Silver jade is an easy to care for succulent many people enjoy having in and around their homes. If your dog ingested a piece of this plant, he may experience mild nausea and stomach upset. It is recommended you contact your veterinarian any time your pet ingests a potentially noxious plant.
Symptoms of silver jade poisoning in dogs can vary from case to case. Toxicity symptoms may include:
If your dog has any health issues prior to ingestion of the silver jade plant, he may or may not develop other symptoms as well.
The silver jade plant belongs to the Crassulaceae family with the scientific name of Crassula arborescens. It is a branched succulent that can grow up to 4 feet tall. The leaves are fat, rounded, and silver-gray with maroon around the edges. The silver jade plant is also commonly known as the silver dollar plant and Chinese jade plant.
The toxin the silver jade plant produces in unknown. In most dogs, when ingested it causes gastrointestinal upset. There have been no reported cases of death due to silver jade ingestion since the toxin typically causes mild side effects only. However, there is always the possibility your dog may experience more severe symptoms than previously reported and require more intensive therapies.
When you take your dog to the veterinarian, she will begin by performing a physical exam. Vitals will be taken and abnormalities will be noted; this is the beginning of the diagnostic process. Blood work and other lab work may be performed to diagnose any internal damage. A complete blood count (CBC), chemistry panel, and packed cell volume (PCV) will provide the veterinarian with data as to how the organs are filtering the blood. A urinalysis may also be performed for further assessment of the kidneys.
If your pet ingested a large amount of the plant, he may begin vomiting. If he doesn’t, the veterinarian may decide to induce vomiting to help rid your dog’s body of the plant matter.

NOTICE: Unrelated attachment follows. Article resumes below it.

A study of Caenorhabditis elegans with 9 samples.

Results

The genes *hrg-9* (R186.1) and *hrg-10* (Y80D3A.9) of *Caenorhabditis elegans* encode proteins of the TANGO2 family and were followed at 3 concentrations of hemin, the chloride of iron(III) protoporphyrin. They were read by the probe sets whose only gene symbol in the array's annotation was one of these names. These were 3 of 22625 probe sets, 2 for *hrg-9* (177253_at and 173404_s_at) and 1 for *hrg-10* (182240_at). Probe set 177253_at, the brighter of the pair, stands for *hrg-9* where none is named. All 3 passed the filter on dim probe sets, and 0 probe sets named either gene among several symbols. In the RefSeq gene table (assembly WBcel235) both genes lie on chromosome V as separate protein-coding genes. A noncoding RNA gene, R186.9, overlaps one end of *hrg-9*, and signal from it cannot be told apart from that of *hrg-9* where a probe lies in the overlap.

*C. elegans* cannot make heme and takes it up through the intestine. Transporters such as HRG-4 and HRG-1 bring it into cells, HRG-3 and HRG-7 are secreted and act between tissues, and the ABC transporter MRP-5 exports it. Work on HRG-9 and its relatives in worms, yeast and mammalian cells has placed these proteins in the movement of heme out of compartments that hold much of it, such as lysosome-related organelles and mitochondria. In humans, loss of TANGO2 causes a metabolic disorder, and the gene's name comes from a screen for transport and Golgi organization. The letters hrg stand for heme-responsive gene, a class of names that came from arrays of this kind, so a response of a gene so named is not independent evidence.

If you believe your dog ingested this plant, take it with you to the clinic. She will be able to examine the plant for evidence of ingestion, and research the toxic effects of this particular plant in order to determine the cause of your dog’s symptoms.
Your veterinarian may induce vomiting in your dog to expel any remaining plant particles from his stomach. If the vomit is clear and unsuccessful at producing any plant remnants, she may administer activated charcoal to bind and absorb the toxin before the body does. The main objective is to prevent further absorption of the toxin to prevent worsening of symptoms and to detoxify his system.
If your dog seems to be in distress or is declining in health, fluid therapy will be started to flush the toxin from your dog’s body quickly and efficiently. Fluid therapy will also correct and prevent any degree of dehydration your dog may be suffering due to excessive vomiting. The veterinarian may add electrolytes or vitamins to the fluids as a boost to your dog’s immune system. Additional supportive therapies will be administered according to your dog’s needs.
Toxicity from the silver jade plant may be considered mild to moderate depending on your dog’s reaction. Since most dogs only suffer gastrointestinal upset, prognosis for a full recovery is good. If your dog has any health conditions prior to ingestion of the silver jade plant, prognosis for a full recovery may decline, but with supportive care, he should still recovery very well.
To prevent any of this from happening, educate yourself on what plants you bring in and around your home. Since the silver jade plant is a native succulent in many regions, do not let your pet stop and chew on unknown plants when out for walks.